In the Daily Telegraph there was a story about the decay of Ilkley Moor in Yorkshire. Paths worn out, litter, and general decay. Even the purple heather is being overwhelmed by bracken (perhaps a lesson to all those who think that ‘Mother Nature’ will always make things nice if she is left in charge). As usual ‘underfunding’ from the government (national and from the local government of the city of Bradford) got most of the blame.
But there were some other things mentioned. The pressure of the number of visitors was pointed to (no price of entry, no real owner… ‘tragedy of the Commons’ anyone?).
The removal of power from the local town to the city of Bradford back in the early 1970’s (by Edward Heath and Peter Walker the Conservative party ‘modernizers’ of their day – people much like David Cameron and Francis Maude in our own time). Was attacked by some people. Some people wanted to copy the ‘Malvern Hills Conservators’, a voluntary group in Worcestershire (or whatever it is called these days) which has been protecting the Malvern Hills since the 19th century – rather than trust either the city of Bradford or the local town council. And some local people pointed to something of interest.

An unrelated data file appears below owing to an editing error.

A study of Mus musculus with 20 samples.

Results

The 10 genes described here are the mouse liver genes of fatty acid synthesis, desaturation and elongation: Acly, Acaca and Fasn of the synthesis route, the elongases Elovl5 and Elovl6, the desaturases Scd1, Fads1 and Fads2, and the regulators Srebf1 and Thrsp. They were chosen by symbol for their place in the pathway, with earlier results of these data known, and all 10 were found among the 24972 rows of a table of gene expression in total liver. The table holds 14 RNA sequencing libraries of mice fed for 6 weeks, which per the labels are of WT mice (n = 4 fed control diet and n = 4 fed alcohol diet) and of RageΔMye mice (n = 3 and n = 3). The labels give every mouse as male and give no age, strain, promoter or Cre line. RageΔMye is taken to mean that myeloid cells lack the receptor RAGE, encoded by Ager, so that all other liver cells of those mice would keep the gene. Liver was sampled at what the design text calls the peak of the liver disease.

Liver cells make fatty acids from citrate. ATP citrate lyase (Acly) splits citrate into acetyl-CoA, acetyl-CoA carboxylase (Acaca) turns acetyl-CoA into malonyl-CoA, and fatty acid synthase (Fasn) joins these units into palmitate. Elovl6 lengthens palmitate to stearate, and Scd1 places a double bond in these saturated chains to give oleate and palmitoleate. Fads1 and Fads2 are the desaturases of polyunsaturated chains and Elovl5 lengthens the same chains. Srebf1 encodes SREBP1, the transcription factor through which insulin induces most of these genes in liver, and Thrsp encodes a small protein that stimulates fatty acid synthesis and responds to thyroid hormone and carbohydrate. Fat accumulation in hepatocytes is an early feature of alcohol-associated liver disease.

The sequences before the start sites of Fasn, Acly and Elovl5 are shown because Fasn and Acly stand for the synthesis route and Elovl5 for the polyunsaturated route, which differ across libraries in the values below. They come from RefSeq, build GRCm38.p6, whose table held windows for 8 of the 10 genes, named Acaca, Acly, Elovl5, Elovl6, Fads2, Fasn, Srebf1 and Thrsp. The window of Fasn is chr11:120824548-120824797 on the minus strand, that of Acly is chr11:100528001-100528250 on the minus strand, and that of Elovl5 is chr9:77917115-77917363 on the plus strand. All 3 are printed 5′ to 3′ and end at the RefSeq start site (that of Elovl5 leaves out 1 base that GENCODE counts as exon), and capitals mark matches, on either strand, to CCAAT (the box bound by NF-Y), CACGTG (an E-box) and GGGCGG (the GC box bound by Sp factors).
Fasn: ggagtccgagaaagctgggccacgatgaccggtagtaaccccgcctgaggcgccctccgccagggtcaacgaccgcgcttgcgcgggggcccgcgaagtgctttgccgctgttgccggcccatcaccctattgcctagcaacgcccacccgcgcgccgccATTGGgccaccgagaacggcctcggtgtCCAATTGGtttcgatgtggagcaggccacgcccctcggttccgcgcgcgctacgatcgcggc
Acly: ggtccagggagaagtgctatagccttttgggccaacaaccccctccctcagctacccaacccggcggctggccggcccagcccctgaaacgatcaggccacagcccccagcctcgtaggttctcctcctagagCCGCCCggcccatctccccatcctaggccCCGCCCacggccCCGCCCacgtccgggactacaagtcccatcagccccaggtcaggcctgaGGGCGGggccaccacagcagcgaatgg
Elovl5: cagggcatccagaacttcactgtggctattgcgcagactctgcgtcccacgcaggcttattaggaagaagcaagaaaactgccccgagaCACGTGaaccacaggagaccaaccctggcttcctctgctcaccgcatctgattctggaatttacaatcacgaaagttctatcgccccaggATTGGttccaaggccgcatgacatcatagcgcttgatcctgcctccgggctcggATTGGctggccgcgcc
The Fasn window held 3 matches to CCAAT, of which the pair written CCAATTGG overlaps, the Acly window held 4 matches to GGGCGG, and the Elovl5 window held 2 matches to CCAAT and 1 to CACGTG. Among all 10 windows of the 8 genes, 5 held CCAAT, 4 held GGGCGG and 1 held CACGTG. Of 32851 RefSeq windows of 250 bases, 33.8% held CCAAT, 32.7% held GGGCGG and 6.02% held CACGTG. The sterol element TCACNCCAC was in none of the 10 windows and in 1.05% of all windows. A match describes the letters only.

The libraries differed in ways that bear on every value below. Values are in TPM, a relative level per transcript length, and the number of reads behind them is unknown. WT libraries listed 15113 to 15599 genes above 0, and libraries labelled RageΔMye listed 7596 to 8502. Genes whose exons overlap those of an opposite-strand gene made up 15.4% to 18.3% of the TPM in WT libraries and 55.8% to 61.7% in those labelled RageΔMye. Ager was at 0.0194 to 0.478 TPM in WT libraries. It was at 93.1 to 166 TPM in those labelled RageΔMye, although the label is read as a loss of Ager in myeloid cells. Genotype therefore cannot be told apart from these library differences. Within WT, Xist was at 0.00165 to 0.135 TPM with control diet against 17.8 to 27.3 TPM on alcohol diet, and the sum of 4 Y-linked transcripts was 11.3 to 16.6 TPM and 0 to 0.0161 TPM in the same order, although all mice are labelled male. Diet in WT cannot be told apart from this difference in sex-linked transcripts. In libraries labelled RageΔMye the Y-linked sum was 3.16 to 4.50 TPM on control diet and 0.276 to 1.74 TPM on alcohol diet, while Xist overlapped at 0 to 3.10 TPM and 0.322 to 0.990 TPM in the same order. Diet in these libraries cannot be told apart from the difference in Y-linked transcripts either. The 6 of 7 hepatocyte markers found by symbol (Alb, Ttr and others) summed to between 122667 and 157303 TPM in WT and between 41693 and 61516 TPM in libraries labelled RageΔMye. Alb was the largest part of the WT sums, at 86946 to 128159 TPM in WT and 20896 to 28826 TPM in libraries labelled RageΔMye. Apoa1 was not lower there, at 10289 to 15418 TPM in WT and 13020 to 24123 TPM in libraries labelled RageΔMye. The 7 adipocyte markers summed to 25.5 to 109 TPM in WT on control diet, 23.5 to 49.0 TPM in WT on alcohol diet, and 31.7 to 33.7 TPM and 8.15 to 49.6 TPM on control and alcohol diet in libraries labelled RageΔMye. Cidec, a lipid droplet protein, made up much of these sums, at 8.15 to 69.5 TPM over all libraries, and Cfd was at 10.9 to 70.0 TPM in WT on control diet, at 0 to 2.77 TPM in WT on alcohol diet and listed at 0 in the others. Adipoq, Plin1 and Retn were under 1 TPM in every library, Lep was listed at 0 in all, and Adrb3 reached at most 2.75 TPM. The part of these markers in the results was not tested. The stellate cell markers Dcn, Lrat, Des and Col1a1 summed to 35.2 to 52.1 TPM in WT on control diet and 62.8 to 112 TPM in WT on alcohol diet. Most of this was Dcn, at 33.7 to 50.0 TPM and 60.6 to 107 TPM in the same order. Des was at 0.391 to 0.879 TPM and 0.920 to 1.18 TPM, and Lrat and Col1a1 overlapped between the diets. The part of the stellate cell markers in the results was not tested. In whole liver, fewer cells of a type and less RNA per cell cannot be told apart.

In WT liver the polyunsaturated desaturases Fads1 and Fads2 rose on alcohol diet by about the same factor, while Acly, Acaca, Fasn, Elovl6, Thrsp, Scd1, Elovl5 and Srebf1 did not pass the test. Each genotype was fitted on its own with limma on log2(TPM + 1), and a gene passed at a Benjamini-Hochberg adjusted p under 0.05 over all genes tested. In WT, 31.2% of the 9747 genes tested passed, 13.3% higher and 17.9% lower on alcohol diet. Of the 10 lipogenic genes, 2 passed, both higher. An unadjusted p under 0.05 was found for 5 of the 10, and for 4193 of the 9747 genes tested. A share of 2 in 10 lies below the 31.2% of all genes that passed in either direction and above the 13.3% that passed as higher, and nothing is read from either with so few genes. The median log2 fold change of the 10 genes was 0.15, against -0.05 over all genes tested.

Anne Hawkesworth (now that sounds like a Yorkshire name), from the local town council is quoted as saying “If you stand in the centre of Ilkely and look up, on one side you see the purple of the Beamsley and Devonshire estates, but on the Ilkley side you just see bracken”.
J.S. Mill (not a man I admire, as some readers here may know) said that private ownership of great estates could only be justified by the owner acting as a guardian for the people. I believe that such private ownership needs no ‘justification’, any more than Mr Mill should have had to ‘justify’ owning his house or his boots.
However, there is no denying that private ownership has proven to be a better guardian of the environment than the state.